Tandy Corp. v. Personal Micro Computers, Inc., 524 F. Supp. 171 (N.D. Cal. 1981) (full-text).
Factual Background Edit
Tandy Corp. created an I/O software program ("input-output routine"), which translated high-level commands and programing languages to machine code to make their personal computer ("Radio Shack TRS-80") run. This software was imprinted permanently on a silicon chip in the TRS-80. Defendant created a computer named "PMC-80," with a similar silicon chip with substantially similar I/O software. Plaintiff's software was copied completely, only the names "Tandy" and "Radio Shack" were changed.
Trial Court Proceedings Edit
The defendant brought a motion to dismiss Tandy Corporation's copyright infringement claim. Although plaintiff set forth five causes of action (copyright infringement, unfair competition under federal and state law, assumpsit, and interference with prospective advantage), defendant's motion and the court's decision centered on Plaintiff's copyright infringement claim.
Chief Judge Peckham held that: (1) a computer program is a "work of authorship" that is subject to copyright and the silicon chip upon which program is imprinted is a "tangible medium of expression"; and (2) the theory that the silicon chip upon which a properly copyrighted computer program was imprinted was duplicated by first taking a visual display or printout of program, making a copy of that display or printout, and then having the program imprinted onto a silicon chip could constitute a copyright infringement claim based on unauthorized duplication and, if proven, was within reach of federal copyright laws.
Defendant claimed that the vague language of 17 U.S.C. §117 (pre-1980 amendment) required the court to use the 1909 Copyright Act, instead of the 1976 Copyright Act to determine whether software printed on a ROM chip was a "copy." The court found clear evidence in the legislative history that this section, although intended to revert other sections to their pre-1976 Act counterparts, was not intended to revert 17 U.S.C. §101 or §102.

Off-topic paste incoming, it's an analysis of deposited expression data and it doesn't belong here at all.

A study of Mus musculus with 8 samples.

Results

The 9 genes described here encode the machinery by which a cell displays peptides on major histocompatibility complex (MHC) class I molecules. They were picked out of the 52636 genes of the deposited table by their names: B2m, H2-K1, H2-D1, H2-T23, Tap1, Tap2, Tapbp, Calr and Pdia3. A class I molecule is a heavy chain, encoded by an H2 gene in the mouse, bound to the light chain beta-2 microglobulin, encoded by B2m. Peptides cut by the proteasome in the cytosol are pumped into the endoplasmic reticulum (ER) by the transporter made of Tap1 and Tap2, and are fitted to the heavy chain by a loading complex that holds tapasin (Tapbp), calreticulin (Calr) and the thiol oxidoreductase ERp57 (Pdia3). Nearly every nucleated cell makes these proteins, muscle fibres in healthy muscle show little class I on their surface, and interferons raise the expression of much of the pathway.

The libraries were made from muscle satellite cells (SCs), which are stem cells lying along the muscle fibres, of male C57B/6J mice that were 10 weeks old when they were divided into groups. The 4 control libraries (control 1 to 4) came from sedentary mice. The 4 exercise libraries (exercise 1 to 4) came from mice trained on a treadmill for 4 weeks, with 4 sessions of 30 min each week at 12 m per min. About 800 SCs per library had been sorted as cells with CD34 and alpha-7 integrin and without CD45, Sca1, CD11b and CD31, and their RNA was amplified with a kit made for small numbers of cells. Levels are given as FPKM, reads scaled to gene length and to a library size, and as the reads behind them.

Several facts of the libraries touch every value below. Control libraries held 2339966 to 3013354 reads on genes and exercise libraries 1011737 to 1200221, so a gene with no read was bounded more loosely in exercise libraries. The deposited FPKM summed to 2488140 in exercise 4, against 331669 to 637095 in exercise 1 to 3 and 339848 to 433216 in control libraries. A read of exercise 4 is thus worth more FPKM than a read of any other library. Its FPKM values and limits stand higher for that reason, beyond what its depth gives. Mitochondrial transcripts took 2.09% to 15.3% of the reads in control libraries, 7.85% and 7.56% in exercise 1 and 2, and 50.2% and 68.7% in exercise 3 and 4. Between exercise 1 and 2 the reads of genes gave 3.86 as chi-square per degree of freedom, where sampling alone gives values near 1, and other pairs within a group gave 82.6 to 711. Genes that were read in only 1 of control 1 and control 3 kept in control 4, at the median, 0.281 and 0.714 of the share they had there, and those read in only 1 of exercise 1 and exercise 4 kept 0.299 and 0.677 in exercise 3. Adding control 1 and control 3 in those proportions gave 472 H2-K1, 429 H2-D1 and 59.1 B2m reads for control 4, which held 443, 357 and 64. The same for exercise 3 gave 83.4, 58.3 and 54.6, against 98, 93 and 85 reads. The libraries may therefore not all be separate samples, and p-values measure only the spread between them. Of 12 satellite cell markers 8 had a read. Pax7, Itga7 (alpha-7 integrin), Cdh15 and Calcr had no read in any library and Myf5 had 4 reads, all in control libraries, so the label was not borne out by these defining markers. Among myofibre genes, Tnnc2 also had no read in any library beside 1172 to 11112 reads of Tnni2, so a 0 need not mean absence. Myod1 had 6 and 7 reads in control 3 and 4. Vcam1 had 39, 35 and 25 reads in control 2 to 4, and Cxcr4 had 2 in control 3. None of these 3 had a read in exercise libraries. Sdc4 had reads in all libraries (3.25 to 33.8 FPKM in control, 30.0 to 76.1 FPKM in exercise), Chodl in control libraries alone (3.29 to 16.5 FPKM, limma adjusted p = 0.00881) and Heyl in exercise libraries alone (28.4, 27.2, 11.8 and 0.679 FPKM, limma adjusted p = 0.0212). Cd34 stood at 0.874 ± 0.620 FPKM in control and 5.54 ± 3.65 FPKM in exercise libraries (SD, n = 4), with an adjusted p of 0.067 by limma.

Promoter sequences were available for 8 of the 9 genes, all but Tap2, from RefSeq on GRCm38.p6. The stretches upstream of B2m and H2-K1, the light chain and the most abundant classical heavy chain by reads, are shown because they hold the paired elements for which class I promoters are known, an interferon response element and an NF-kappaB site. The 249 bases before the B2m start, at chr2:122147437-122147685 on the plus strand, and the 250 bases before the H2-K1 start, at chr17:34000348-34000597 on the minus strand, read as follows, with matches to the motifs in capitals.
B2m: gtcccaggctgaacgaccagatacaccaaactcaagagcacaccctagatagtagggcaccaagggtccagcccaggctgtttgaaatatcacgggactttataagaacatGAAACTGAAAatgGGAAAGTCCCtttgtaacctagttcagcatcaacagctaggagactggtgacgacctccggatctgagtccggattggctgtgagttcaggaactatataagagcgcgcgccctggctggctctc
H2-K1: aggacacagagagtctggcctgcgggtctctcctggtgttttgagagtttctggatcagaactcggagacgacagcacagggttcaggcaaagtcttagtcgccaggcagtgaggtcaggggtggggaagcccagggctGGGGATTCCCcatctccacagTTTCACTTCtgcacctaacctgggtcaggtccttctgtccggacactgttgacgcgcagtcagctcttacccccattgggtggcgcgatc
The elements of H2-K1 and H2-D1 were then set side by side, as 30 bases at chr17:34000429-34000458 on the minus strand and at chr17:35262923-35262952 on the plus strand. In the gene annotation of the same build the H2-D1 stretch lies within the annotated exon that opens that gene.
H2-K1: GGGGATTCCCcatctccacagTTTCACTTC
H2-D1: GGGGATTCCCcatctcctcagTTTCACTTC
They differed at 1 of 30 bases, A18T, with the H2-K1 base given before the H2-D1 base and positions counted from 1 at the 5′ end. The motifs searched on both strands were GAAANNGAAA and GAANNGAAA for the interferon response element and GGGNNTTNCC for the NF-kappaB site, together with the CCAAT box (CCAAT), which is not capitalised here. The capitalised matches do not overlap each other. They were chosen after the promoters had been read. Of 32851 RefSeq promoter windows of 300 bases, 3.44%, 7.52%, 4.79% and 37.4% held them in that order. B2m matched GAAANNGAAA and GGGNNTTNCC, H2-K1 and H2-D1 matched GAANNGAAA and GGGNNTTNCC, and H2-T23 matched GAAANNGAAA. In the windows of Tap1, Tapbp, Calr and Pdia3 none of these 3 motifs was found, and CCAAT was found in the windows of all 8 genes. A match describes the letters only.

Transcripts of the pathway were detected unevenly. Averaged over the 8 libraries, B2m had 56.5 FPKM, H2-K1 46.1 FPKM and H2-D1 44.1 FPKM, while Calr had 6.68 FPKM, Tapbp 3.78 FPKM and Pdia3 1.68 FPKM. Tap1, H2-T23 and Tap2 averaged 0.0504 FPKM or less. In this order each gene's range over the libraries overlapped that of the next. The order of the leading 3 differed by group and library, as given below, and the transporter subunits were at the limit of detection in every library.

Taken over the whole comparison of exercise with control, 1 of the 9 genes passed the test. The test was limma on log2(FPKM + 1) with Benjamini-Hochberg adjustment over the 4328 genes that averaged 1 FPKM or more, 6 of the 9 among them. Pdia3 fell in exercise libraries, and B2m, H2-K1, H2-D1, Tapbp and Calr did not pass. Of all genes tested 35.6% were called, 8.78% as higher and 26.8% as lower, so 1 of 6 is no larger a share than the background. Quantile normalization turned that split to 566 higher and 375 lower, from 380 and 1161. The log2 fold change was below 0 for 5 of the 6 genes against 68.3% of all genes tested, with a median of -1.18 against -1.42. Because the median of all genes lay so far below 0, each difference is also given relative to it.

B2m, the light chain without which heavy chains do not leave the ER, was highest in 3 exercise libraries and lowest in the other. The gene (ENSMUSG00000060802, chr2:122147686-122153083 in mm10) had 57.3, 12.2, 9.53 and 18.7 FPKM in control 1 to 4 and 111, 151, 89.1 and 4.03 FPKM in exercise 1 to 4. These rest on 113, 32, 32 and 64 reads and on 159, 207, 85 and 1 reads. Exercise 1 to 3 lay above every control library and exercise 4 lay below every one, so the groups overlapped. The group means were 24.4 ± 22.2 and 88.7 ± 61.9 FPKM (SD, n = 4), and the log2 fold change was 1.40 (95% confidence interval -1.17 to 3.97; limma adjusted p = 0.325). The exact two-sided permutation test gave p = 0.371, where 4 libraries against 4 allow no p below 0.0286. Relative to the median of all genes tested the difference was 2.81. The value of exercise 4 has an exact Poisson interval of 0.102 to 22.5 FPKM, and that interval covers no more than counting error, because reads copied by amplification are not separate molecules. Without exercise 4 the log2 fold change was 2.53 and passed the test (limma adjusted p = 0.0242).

As such, the court held that ROM-based software was copyrightable under the Section 102 of the 1976 Copyright Act, which held that fixation can occur in "any tangible medium of expression, now known or later developed, from which they can be perceived, reproduced, or otherwise communicated, either directly or with the aid of a machine or device."
In reviewing the legislative history of Section 117, the court found that its intended application was to narrowly address the issue of people inputting literary works such as books, magazines and even software to protect copyrights. Conversely, it found that allowing the bit-for-bit copying of another's software, regardless of the medium of fixation was a clear misreading of this section, and contrary to the drafters' intent. ROM copies were held to be a tangible medium of expression protected by federal copyright law given a proper reading of Section 117.
The court also rejected the defendant's claim that it should follow a then-recent Illinois District Court case which had held against the copyrightability of ROM copies. The court criticized the Data Cash decision as unfounded on reason or merit.
Plaintiff asserted that the defendant copied the software affixed on the silicon chip by a photochemical method, which essentially means they took a picture of the data and imprinted it onto their chips. The court commented that if this were proven to be the method of copying, defendant's conduct could be found to be a violation of plaintiff's reproduction rights in a pictoral/graphical (visual) work. But the court did not pursue further this line of reasoning, because it had already addressed the substantive issues of the motion.